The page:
School capital improvement plan includes stadium renovations, innovation lab

By Douglas McCulloch | Jan 08, 2018
Photo by: Douglas McCulloch James Kiely discusses the budget.

Uncertainty surrounding the school district’s response to overcrowding has left a major overhaul of school buildings with a question mark on the district’s five-year capital improvement plan.

The draft plan of major building projects, unveiled at the January 8 School Committee meeting, lists the implementation of the district’s facilities master plan in 2020, but without a price tag.

School Business Administrator James Kiely said uncertainty in how to proceed, and a lack of a response from the Massachusetts School Building Authority in feedback and potential reimbursements led to pushing it to at least 2020. Kiely said even then it is uncertain if the district would be ready to push the project forward.

“At this point it’s hard for us to determine a recommendation that would be supported through the facilities master plan without that information,” Kiely said.

Initial drafts of the facilities master plan revealed all elementary school buildings except Quinn are overcrowded when compared to current Massachusetts School Building Authority guidelines. Solutions architects recommended range in estimated cost from $54 million to $86 million.

For 2019, school officials are again prioritizing a major renovation of Memorial Stadium. It aims to replace the stadium’s current natural grass with artificial turf, make improvements to lighting systems, and revamp seating and bleachers.

“I think it’s realistic,” Kiely said. “Everything is a matter of priorities and how this project falls with the overall town capital improvement plan, but it is reasonable to expect it will be done.”

The renovation had been listed as a priority on the district’s capital improvement agenda for the past several years, but each year it had to be dropped due to funding constraints.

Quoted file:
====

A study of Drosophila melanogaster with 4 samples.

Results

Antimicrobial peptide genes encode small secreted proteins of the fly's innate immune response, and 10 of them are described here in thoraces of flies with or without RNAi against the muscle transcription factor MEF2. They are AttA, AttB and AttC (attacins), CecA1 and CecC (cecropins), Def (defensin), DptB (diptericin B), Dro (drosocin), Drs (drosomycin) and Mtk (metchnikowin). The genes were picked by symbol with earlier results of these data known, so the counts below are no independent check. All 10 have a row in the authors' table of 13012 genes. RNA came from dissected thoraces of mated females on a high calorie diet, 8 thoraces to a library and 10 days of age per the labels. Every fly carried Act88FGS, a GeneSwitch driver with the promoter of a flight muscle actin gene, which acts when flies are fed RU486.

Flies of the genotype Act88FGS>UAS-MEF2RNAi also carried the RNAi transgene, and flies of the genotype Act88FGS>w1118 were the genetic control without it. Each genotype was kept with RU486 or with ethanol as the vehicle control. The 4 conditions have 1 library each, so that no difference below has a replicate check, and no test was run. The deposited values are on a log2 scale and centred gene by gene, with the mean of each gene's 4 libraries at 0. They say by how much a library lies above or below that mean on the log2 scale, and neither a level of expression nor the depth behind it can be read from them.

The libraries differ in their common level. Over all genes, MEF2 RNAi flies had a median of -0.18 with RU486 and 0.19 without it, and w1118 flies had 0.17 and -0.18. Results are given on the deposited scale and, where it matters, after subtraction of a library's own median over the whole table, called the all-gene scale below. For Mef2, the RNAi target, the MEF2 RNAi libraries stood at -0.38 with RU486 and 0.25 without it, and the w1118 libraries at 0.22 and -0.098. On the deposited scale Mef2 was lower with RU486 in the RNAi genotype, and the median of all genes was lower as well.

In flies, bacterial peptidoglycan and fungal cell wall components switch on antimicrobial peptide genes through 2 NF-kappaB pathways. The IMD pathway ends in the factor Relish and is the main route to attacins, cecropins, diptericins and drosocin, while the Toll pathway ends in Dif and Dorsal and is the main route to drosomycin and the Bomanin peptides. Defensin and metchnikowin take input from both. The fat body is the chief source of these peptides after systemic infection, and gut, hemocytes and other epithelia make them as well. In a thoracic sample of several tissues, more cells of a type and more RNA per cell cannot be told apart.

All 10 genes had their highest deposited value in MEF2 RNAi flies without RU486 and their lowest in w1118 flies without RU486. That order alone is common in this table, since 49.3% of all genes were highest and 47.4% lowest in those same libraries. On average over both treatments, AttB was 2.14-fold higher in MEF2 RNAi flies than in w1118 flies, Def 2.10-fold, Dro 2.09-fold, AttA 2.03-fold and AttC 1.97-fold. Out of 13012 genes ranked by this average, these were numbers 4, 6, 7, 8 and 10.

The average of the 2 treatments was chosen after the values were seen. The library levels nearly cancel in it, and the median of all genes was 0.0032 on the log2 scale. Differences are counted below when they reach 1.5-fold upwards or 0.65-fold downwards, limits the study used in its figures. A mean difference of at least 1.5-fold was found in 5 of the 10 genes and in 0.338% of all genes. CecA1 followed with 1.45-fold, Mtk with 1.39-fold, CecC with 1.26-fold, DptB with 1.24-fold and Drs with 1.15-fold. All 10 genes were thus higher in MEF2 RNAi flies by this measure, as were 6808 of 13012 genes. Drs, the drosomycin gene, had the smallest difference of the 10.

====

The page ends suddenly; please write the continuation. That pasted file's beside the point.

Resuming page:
Last year, a committee was formed to oversee the renovation. The committee elected to hire an architect to study current field conditions and come up with recommendations. The search for an architect is expected to continue until March.

An additional project on the 2019 agenda would use $250,000 in School Choice funds to build an “innovation lab” at the high school. School Choice allows students from surrounding communities to attend school in Dartmouth. Districts sending their kids to Dartmouth pay to reimburse tuition costs. The balance currently sits at $450,000, which has remained mostly untouched.

It is pitched to compliment the district’s $500,000 Massachusetts Skills Capital Grant, which was awarded last year. Officials plan to purchase 3D printers, electronic anatomical models, and other high-tech STEM tools through the grant. The middle school library would also benefit from the project.

“It’s a good use [for School Choice funds] because it’s not a recurring cost and it supports all students in the high school and middle school,” Kiely said.

Also on the docket for 2019 is a $275,000 boiler retrofit and replacement at Dartmouth Middle School. A similar project was done at the high school through a grant last year, which is already saving money, and the aim is to fund it with another grant. Continued hardware upgrades are also on the plan, with $200,000 to continue the district’s tech upgrade cycle. The final item on the 2019 agenda is $90,000 in kitchen equipment replacements.

The capital plan also lists major projects up until 2023. The biggest item on the docket for 2020’s $2.09 million proposal is $550,000 to repave deteriorating parking lots at several schools.

In 2021 the district plans to seek $300,000 out of $1.35 million to replace furniture. In 2022 the district lists $300,000 out of $1.3 million for HVAC upgrades, and $600,000 out of $1.3 million in 2023 to replace bleachers at Quinn and the middle school.